Connections pay off
Report finds ‘nothing is more important than community building in times of need’
How has community-building enabled communities to respond to COVID-19? That’s the question the Ford Institute for Community Building set out to answer, some four months after the pandemic hit Oregon. In June of 2020, 35 community builders from 15 communities in Oregon and Siskiyou County, California, were interviewed, with three follow-up meetings conducted. The resulting report identified three primary findings.
Community building expertise was leveraged during COVID-19
Communities that had experienced the community building process were stronger, nimbler, and more capable of meeting residents’ needs.
“My impression is that the effective community responses to Covid-19 … have been helped significantly by having community structures and relationships already in place.”
Validating community building
Connections, capacity, community-led action, culture — study participants agreed that the four core elements of community building were validated.
“We knew people. We literally knew people and had contact information. And we could just reach out really quickly. And because we had built those bridges, people were responsive. Because we had done all of this outreach, we would hear back from people so we could make those connections and get things moving to help people.”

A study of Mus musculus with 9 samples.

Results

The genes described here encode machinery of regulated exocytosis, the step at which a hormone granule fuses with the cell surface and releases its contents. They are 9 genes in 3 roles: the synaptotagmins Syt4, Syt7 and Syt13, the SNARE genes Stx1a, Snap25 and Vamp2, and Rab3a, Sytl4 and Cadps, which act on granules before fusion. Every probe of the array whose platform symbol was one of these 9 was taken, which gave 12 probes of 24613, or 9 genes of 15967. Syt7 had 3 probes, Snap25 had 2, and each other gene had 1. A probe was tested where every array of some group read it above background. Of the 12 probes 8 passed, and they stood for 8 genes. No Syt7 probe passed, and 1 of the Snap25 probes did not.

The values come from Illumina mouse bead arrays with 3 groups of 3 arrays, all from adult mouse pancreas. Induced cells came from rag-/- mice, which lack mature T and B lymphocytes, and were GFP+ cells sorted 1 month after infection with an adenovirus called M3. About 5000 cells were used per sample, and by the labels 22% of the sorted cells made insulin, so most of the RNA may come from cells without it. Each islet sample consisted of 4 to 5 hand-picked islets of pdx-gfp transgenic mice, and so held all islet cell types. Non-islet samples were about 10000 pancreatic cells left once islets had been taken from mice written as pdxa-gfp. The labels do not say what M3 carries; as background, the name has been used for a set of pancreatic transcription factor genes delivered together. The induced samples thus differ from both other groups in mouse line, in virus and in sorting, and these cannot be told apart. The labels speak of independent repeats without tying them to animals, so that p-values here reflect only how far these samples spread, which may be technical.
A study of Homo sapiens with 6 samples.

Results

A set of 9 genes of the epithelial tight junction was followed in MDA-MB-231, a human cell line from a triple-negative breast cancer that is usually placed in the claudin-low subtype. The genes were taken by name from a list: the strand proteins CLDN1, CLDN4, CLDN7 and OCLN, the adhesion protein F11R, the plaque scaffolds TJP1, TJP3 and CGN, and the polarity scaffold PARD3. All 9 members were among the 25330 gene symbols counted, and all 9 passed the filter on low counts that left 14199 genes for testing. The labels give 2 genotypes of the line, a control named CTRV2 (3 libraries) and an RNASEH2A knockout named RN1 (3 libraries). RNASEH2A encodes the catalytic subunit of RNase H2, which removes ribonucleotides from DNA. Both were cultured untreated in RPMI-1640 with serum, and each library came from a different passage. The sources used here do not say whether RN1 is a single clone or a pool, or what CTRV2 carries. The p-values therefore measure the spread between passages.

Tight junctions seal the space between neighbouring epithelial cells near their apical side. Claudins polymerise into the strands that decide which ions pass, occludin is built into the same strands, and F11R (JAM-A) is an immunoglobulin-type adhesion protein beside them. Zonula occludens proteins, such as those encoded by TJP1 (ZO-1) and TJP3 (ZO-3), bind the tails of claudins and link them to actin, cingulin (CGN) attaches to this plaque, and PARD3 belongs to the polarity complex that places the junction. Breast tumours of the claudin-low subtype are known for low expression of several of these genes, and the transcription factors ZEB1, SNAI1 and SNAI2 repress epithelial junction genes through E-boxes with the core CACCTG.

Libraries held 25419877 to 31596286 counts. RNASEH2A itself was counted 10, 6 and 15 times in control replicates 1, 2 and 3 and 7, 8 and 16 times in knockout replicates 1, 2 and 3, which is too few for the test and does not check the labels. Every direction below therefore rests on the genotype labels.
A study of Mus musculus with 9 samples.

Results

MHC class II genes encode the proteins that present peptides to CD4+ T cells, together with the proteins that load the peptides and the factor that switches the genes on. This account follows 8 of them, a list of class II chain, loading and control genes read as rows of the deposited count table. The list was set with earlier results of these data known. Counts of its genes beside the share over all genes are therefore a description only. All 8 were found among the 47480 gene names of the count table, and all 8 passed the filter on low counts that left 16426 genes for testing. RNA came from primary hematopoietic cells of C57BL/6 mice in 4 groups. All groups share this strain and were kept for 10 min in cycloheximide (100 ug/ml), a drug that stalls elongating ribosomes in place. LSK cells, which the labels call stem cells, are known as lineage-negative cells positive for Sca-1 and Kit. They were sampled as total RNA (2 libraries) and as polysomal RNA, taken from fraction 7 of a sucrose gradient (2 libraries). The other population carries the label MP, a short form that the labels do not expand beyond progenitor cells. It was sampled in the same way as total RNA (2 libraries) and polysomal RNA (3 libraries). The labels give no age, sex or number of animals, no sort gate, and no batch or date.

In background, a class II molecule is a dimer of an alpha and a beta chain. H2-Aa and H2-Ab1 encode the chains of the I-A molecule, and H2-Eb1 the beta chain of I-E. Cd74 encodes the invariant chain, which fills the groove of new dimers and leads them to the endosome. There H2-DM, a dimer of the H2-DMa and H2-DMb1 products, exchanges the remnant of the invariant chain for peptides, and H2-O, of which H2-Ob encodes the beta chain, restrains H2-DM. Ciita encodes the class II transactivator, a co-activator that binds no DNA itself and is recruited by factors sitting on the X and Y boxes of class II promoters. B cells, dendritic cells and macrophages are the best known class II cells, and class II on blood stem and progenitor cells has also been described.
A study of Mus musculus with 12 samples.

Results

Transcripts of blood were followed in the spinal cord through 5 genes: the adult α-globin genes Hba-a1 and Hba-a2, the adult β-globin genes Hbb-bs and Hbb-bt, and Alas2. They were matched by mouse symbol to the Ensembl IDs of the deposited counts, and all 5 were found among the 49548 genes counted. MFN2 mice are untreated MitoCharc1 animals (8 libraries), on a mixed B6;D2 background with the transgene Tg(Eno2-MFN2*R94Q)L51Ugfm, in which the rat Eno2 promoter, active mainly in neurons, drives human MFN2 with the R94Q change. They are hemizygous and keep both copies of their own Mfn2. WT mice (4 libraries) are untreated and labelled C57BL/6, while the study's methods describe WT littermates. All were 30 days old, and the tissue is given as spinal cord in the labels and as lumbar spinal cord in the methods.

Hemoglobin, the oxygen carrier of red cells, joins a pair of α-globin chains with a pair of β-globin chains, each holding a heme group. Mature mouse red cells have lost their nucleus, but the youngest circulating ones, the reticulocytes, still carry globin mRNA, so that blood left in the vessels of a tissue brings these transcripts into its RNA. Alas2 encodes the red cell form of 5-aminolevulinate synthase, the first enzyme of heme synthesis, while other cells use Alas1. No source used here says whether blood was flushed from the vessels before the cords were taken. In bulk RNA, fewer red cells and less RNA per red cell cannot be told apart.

“Con el apoyo de este grupo, ahora sabemos que podemos seguir adelante, buscando los medios.” (“With the support of this group, now we know that we can move forward, searching for our own solutions.”)
The partnership with the Ford Institute helped communities respond to the pandemic
The data clearly shows the impact of the presence and support of the Ford Institute staff; the commitment, flexibility, and responsiveness of funding; and the value of being co-learners with the Ford Institute.
“Due to the strong leadership and encouragement in relationship building within communities that is present within [the Ford Institute], Greater Applegate has been able to form really strong bonds between our business community, nonprofits and local residents and without those strong connections, none of what we have done in response to COVID would have been possible.”
The report concludes that the data confirms the value of long-term community building investments to bolster resilience, stability and responsiveness in rural communities in the face of crises and emergencies.
“This pandemic has shown that the [Community Building] framework really passes the test and stands up for what it says it’s going to do. We were able to pivot pretty seamlessly because of all the work that has led up to this point.”
“The people see us as leaders now during the pandemic. We actively give priority to those who need the most help. We couldn’t have done that without this work.”
“When the COVID hit, we were luckily already prepared. We had all the networks necessary to activate immediately. We were able to set up an emergency food distribution system really quickly because we already knew everyone in town that was working with other people and had a lot of contacts.”
View the report: https://learn.tfff.org/CBSummary.